What’s worse than meetings? Meetings where your boss gets to sit in and watch. But if you empower your CEO, by giving them an ax and permission to cut through the jungle of processes, then things get interesting!
You’ll see that allowing a manager, even the CEO, to attend your meetings is not such a bad idea.
And you might actually end up with simpler processes and the ultimate approval to remove unnecessary steps.
Simplifying Workflows for Efficient Meetings
Early in my career, I was helping one of my first big clients.
Our job was to come in and help the company deploy a work management solution (Asana).
But before implementing any process or workflow, you need to evaluate the situation and understand the processes.
That’s usually the moment when the stakeholders helping you say things like, “Oh damn, good luck.”
Slashing Through the Jungle of Approvals
I had a good relationship with the CEO, and he was deeply invested in the Asana rollout, so he asked if he could sit in on one of the meetings.
The topic of the day: map out the process to release a blog post on the company website. Everybody was there: the copyright team, the dev team, the legal team…
Things started as usual: they explained how they catalog ideas, receive ideas through a form, triage them, pick an idea, write the content, translate it, and… get it approved by Linda, then Richard, then Barbara, and finally by Paul.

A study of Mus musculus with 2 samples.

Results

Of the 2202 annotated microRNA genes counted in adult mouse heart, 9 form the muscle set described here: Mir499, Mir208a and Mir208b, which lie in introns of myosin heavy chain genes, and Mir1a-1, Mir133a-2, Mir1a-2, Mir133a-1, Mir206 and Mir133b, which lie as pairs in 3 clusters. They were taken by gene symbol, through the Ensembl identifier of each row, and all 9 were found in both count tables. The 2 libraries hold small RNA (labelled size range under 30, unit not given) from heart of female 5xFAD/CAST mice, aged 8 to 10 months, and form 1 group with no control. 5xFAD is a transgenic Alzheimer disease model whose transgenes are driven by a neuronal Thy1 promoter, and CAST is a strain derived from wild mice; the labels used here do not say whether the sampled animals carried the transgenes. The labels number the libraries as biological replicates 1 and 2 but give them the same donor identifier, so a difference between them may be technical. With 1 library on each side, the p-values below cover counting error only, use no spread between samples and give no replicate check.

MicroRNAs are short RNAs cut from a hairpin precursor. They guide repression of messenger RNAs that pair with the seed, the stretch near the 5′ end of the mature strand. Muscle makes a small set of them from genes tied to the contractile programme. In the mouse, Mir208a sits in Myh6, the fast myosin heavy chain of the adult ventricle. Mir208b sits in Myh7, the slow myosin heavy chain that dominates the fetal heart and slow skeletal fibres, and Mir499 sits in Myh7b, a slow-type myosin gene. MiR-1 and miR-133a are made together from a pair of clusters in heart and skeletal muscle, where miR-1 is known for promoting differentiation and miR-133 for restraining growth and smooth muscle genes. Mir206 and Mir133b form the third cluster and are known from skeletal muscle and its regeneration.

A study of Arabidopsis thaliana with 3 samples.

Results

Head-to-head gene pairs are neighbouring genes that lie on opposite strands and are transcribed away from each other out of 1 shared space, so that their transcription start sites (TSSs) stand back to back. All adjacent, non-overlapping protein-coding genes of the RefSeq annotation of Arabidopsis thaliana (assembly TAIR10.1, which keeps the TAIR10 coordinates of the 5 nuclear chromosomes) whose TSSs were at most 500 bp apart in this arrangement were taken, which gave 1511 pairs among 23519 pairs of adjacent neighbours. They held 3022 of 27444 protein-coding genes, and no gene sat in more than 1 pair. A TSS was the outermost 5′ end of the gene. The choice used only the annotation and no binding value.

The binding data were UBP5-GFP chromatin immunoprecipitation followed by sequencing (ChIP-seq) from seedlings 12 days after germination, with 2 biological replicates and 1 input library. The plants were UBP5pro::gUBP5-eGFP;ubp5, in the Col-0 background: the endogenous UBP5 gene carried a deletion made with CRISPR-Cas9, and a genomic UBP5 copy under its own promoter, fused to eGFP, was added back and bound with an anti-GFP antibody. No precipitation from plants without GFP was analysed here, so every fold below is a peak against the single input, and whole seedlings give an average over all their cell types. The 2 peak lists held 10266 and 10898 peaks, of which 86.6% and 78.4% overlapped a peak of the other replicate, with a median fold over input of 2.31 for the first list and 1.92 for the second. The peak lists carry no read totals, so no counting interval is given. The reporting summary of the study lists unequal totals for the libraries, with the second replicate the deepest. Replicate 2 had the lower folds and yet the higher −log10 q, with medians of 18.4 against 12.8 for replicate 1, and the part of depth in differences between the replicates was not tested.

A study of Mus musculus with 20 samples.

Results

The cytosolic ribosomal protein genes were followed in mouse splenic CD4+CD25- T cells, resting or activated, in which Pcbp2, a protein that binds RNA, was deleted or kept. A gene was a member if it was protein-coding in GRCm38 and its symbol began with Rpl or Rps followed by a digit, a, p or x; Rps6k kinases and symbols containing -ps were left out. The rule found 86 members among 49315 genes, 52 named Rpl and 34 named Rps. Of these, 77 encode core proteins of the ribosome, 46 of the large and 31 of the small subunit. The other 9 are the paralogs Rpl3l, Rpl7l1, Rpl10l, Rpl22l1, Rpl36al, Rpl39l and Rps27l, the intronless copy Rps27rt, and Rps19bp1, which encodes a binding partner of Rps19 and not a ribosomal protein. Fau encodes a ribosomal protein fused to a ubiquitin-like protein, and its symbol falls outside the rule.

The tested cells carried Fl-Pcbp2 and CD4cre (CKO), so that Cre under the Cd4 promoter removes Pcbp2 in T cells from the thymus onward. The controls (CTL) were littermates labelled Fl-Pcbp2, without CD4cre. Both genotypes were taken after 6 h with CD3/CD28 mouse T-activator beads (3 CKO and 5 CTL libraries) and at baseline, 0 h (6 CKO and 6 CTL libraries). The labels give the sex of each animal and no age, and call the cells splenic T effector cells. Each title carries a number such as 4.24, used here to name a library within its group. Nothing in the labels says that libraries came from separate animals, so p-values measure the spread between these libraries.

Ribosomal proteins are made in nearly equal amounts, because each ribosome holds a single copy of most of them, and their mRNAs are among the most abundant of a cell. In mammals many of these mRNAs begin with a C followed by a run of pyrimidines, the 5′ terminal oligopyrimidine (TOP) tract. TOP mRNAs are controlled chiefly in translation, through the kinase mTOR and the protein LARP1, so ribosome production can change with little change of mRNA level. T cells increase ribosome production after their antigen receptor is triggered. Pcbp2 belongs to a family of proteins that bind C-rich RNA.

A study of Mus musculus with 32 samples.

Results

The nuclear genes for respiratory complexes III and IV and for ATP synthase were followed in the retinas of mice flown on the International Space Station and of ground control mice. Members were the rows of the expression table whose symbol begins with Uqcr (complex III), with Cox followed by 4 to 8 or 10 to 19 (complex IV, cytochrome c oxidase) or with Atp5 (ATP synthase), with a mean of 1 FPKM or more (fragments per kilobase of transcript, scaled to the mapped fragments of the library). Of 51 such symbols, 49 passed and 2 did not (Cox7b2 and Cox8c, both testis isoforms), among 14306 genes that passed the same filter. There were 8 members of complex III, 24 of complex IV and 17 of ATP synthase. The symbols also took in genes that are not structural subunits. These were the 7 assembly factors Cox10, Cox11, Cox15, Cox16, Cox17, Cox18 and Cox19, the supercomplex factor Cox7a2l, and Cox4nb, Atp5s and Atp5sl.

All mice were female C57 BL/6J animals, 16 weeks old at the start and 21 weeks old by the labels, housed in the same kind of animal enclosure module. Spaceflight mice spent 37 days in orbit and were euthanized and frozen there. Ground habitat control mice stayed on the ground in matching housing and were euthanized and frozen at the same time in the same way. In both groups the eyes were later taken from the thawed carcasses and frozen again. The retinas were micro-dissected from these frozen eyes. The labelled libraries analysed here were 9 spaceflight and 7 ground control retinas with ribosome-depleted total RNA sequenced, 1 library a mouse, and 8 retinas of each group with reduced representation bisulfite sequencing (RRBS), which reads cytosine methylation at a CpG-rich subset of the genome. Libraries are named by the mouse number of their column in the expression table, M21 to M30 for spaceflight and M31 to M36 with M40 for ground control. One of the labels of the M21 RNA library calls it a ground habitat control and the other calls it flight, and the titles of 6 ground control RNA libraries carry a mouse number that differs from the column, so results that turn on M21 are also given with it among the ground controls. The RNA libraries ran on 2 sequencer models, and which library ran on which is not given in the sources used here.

The CEO was perplexed. “Are you seriously waiting for 4 different approvals to release a simple blog post? That’s crazy!”.
And he was met with the common refrain, “Well, this is how we’ve always done it.”
The CEO immediately took a machete to the process jungle, removing all the useless steps and approvals to streamline the operation.
Now just a single approval was needed to release the blog post.
What had happened?
A once simple process grew into something much more complex, where everyone along the way people protected themselves by adding extra layers of approvals.
While others insisted they should be an approver to somehow justify their role.
The Key Lesson Learned
Watching from the sideline, I learned a key lesson when mapping processes:
Always make sure to involve the person who has the authority to simplify the process.
The simpler the process, the better. Empower your CEO!
There’s an immediate financial impact of simplifying processes.
Three unnecessary layers of validation could represent 10 or 20 hours per month of extra work by a team of highly skilled workers, which cost the company could be between $100 and $200 an hour.
That’s between $1,000 and $4,000 right there in immediate optimization (in addition to the headaches you saved).
Transparency and Incentives for Change
Don’t hide behind process. When documenting the way your team work, make the emphasis on what you believe are unnecessary steps, and make it a priority to try and find out if those could be simplified and streamlined.
Insist on financial incentive if you have to, no one likes to waste time, and no one wants to waste money!